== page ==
The South African government’s obligation, as outlined in the Constitution, is to ‘ensure the delivery of basic education to children’. Historically, learners have been educated in both government and private schools which receive government subsidies for educating children from poor communities. We believe that in South Africa, there is a compelling case for a ‘third sector’ of schools, which mobilizes all educational resources in the provision of quality education in underserved communities — resources from government, private funders and civil society organizations.
Improving education in South Africa, where less than 1 in 20 children from a historically poor community will gain access to university, is going to take significant effort across a wide range of areas. While we believe no single fix will have a transformative effect, the recently launched Collaboration Schools shows great promise.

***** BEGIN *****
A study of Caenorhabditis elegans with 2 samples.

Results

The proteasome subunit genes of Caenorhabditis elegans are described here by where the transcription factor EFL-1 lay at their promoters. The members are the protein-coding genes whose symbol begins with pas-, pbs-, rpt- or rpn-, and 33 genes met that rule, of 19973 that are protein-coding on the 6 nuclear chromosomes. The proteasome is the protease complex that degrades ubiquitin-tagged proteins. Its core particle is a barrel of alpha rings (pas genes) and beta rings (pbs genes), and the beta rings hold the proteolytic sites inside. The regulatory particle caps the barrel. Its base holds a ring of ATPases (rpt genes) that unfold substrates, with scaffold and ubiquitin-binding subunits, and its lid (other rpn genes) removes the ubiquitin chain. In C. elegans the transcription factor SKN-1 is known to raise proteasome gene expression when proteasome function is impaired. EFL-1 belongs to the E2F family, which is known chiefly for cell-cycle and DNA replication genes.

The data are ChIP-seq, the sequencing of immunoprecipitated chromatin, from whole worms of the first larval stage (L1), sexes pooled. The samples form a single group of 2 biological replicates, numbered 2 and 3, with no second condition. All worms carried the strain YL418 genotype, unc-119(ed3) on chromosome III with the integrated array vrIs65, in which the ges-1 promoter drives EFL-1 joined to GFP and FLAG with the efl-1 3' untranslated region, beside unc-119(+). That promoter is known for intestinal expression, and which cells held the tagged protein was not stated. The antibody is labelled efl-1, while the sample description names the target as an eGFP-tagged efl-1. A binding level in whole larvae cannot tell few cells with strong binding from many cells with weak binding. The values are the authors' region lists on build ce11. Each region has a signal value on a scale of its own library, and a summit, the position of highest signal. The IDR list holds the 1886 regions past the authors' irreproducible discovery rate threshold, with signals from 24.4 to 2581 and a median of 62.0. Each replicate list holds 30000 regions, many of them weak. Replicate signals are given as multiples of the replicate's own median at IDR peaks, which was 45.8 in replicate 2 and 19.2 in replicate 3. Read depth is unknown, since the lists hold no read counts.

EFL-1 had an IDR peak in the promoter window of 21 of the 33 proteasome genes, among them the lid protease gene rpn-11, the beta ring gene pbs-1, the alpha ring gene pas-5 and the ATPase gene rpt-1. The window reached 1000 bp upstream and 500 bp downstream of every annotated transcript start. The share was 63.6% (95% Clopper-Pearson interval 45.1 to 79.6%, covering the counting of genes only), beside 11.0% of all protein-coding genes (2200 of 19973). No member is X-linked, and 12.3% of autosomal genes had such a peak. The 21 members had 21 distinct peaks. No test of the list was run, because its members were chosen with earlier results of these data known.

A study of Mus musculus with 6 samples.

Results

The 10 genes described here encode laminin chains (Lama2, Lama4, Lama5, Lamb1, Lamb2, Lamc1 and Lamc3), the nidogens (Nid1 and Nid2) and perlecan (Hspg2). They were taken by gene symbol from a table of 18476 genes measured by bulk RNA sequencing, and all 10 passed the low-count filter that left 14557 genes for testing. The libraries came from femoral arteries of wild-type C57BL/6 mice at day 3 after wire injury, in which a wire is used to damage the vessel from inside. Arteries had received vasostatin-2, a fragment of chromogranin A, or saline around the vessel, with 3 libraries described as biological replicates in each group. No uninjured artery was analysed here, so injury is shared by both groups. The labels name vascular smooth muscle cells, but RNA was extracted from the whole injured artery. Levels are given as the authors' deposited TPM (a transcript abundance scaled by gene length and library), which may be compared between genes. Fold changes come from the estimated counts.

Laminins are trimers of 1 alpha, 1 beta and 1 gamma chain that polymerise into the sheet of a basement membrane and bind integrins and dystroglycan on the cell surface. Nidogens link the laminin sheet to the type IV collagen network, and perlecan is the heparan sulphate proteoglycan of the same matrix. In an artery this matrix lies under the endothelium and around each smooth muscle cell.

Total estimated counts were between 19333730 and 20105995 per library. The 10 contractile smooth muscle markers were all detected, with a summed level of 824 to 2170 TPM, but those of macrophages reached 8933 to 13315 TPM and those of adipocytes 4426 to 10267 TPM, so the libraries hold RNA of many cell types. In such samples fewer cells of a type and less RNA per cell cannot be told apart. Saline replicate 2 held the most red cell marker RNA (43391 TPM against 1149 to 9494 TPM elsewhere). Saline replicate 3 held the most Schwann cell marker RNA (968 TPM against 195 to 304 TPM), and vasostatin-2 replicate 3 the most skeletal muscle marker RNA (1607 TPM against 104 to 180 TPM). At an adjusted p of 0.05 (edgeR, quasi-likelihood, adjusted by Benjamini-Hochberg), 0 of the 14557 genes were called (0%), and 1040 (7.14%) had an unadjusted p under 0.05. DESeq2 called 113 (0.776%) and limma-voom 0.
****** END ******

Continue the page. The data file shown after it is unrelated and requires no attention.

Collaboration Schools is a public-private partnership model — which has been successful in other countries but not yet tested in South Africa — where the government contracts independent, non-profit, civil society organizations called school operating partners to manage no-fee schools and deliver the education processes and outcomes. The project aims to increase quality education options for poor families from within the government schooling system.
Beyond the expected positive impact on quality educational outcomes, we believe Collaboration Schools can provide extraordinary opportunities for poorer learners and their families.